Cover of Triple Bottom Line Cost Benefit Analysis of Green Infrastructure/Low Impact Development (GI/LID) in Phoenix, AZ

Stantec, Autocase, and Watershed Management Group (WMG) were engaged by the City of Phoenix (City) – with The Nature Conservancy (TNC) as a contributing and reviewing partner – to perform a triple bottom line cost benefit analysis (TBL-CBA) of various Green Infrastructure/Low Impact Development (GI/LID) features, as well as look at the triple bottom line impacts of three case study sites in the area.

The TBL-CBA business case was conducted in Autocase - a cloud-based software tool, to provide insights into the net present value (NPV) of costs and benefits of the projects to the City, as well as the broader societal and environmental impacts over a 50-year time horizon using a 3% discount rate to convert all future cash flows into a present value.

TBL-CBA is a systematic evidence-based economic business case framework that uses best practice Life Cycle Cost Analysis and Cost Benefit Analysis (CBA) techniques to quantify and attribute monetary values to the Triple Bottom Line (TBL) impacts resulting from an investment. TBL-CBA expands the traditional financial reporting framework (such as capital, and operations and maintenance costs) to also consider social and environmental performance. TBL-CBA provides an objective, transparent and defensible economic business case approach to assess the costs and benefits pertaining to the project being analyzed.

This study provides information for City projects and private development that may want to implement and incorporate GI/LID facilities. The costs and co-benefits of GI/LID features in the Phoenix environment need to be evaluated to identify the benefits and aid in potentially identifying to which stakeholders they accrue. The City identified key motivating factors for this study, as follows:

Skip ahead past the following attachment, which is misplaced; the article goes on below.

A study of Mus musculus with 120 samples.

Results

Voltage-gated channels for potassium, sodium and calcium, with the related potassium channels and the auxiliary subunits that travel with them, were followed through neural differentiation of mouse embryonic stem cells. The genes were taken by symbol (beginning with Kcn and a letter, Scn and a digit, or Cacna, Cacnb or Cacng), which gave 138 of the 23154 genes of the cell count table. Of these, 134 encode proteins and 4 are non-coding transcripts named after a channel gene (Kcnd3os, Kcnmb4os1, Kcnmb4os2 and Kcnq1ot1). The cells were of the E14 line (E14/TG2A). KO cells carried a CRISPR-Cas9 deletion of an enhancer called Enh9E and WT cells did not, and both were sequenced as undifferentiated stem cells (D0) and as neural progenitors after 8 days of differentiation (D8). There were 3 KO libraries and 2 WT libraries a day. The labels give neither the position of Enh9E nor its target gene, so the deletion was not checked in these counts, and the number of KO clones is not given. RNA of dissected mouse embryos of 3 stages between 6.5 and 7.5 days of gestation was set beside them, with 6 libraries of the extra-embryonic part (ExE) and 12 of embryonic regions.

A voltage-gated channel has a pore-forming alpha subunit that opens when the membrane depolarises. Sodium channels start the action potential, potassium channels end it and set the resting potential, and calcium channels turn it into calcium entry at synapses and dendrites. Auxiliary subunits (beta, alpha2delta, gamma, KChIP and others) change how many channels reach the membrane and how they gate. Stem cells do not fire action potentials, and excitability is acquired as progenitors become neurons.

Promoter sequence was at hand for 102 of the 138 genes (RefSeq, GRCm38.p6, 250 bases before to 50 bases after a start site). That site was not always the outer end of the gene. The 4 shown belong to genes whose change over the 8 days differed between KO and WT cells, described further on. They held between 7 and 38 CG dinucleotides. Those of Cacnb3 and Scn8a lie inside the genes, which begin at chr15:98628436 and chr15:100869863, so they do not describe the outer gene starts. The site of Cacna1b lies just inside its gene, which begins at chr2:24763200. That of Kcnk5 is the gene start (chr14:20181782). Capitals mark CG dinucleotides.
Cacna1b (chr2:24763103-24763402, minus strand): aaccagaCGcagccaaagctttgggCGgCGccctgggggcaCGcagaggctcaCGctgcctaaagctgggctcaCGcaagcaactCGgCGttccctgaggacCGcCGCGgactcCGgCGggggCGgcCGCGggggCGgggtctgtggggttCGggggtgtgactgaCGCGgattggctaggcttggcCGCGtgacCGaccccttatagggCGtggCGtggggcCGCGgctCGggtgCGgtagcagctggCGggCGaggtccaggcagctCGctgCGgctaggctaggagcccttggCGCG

1. The need to evaluate the following key parameters:
    • Financial costs and benefits;
    • Carbon emissions and air pollution;
    • Heat island impacts;
    • Water quality improvement;
    • Flood risk reduction;
    • Property value uplift.
  2. The need to identify and ensure a common understanding of benefits vs. initial costs vs. life cycle costs
  3. The need to provide recommendations on appropriate feature types according to associated costs and benefits.

Given the importance of heat stress in Phoenix, instead of using historical temperatures this report incorporates future climate change in to its analysis. Taking the emissions pathway RCP8.5 “higher emissions” scenario from NOAA’s climate explorer (NOAA, 2018), the analysis incorporates future temperature and rainfall predictions for Maricopa County in to Autocase. In so doing, the results will aid in resilience decision-making related to urban heat island.

Local data were used whenever possible and available; information from various sources, such as EPA’s SUSTAIN database and the National Stormwater Management Calculator was used to supplement any gaps and are identified throughout the report.